Sledge Hammer


The ER was relatively quiet when I arrived so they got me into a bed right away. Though I had my own room my door was just a curtain, so I could hear everything happening out in the hall. Soon after they had me stabilized, things started picking up on the other side of my blind. I heard the shorthand of police radios, a man groaning in pain, and the hospital staff asking questions like “Sir, do you know where you are?”

I don’t care who you are or what shape you’re in; when you find yourself in the middle of something involving cops and the ER, eavesdropping becomes as involuntary a response as breathing. I clicked off the TV and listened. The police spoke in muffled but authoritative voices. The attending asked them to step out into the waiting room. Things settled down for an hour or so until the groaning man sobered some and started talking. He sounded a mess—sometimes gentle and polite, other times demanding and angry. When he got angry the police reappeared with their chirping radios and matter-of-fact tones. When he calmed down, they left.

The groaning man and I shared a nurse—a muscular twenty-something named Mike. The ER understandably liked to have at least a few strong male nurses during the night shift for those inevitable middle-of-the-night cases where the inebriated needed to be subdued. Mike did his best to make me as comfortable as possible but I’d have been a fool to think I was in any way a priority.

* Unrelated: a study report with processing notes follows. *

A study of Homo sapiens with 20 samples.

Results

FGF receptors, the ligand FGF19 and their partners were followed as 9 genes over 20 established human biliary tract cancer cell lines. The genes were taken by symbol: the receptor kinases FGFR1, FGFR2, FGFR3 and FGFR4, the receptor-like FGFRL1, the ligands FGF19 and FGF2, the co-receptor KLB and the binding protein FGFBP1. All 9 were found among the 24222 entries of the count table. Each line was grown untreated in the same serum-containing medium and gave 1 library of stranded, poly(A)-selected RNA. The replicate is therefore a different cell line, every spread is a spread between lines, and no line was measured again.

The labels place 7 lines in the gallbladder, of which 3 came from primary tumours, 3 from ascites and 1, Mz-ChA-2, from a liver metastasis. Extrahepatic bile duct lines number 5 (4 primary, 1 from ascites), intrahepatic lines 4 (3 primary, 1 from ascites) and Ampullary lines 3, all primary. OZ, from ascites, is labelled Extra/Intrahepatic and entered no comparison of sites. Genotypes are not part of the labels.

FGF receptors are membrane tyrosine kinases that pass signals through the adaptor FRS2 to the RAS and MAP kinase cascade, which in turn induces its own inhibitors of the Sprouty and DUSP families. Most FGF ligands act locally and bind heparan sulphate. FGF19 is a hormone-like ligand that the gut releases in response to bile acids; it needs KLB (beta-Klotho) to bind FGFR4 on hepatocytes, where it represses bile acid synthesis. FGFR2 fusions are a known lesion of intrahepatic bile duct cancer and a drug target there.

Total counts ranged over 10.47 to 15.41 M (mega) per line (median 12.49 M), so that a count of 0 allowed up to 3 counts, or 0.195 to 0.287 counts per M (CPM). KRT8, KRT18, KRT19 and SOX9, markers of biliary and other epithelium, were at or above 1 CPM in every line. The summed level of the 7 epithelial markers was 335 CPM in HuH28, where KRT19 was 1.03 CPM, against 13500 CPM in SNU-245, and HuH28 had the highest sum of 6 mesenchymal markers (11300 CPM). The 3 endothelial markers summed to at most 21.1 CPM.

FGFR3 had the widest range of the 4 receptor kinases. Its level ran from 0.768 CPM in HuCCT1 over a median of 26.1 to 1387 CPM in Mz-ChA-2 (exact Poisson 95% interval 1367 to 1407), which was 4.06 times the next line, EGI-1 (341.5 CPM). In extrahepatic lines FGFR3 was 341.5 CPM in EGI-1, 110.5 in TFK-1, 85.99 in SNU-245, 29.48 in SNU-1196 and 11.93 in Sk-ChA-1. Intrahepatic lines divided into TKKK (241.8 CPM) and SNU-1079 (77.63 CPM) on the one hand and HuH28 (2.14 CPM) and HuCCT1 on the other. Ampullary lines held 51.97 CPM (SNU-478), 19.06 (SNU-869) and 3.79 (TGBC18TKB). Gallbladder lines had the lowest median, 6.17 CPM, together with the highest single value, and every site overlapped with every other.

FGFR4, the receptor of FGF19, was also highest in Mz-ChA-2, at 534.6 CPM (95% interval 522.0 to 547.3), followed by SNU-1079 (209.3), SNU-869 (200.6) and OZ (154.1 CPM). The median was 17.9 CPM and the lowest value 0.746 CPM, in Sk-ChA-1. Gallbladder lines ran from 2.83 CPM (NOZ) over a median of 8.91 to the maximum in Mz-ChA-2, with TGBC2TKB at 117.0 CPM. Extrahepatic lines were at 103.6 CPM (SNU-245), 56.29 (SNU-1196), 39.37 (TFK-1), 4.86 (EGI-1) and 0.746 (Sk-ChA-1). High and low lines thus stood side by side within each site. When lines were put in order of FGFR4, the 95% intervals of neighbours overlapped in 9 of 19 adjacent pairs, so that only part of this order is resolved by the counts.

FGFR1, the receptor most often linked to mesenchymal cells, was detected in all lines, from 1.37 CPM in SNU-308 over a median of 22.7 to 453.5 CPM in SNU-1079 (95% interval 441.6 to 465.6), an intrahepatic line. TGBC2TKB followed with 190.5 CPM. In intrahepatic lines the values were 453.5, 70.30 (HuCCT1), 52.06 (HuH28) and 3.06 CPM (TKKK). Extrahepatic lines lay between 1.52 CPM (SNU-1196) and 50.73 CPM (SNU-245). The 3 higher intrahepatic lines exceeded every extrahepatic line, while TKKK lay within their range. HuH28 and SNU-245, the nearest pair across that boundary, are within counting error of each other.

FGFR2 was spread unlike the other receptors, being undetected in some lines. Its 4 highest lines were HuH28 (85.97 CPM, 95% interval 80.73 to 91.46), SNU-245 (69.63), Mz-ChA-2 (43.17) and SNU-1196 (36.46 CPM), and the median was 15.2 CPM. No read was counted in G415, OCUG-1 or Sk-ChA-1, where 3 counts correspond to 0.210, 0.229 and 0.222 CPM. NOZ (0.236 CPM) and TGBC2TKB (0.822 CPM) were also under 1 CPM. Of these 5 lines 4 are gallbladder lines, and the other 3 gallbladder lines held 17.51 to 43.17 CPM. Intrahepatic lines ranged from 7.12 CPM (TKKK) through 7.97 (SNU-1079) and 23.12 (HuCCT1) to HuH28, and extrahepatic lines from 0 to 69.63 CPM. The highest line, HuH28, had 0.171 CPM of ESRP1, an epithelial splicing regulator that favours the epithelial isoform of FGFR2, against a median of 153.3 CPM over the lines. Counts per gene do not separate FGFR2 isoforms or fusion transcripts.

As the man sobered up, he wanted to talk. Mike had some questions of his own, so he obliged his patient, listening to his story like it was part of his job. When the man had said his peace Mike asked, “Sir, did you, at any point, lose consciousness after your cousin hit you in the head with the sledge hammer?”

“No,” the man answered, with more than a bit of incredulity.

“Well sir,” Mike said, “you’re a stronger man than I.”

The man said, “Exactly.”

Russ Ramsey
Russ Ramsey and his wife and four children make their home in Nashville, Tennessee. He is a pastor at Christ Presbyterian Church and the author of Struck: One Christian's Reflections on Encountering Death (IVP, 2017), Behold the Lamb of God: An Advent Narrative (Rabbit Room Press, 2011) and Behold the King of Glory: A Narrative of the Life, Death, and Resurrection of Jesus Christ (Crossway, 2015). He is a graduate of Taylor University (1991) and Covenant Theological Seminary (MDiv – 2000, ThM – 2003). Follow Russ on Facebook / Twitter / Instagram.

One Response to “Sledge Hammer

  • For most people, food is just food. It’s something you eat and enjoy, and that’s about it. But for those foodie types, food is something to be mulled over, ruminating on the interplay of flavors and sussing out the ingredients. I’m like that with good food. I’m like that with writing, too.

    So this is one of those pieces which, like a delicious dish made from indecipherable ingredients, is an enjoyable enigma. I don’t know what that was, but I like it.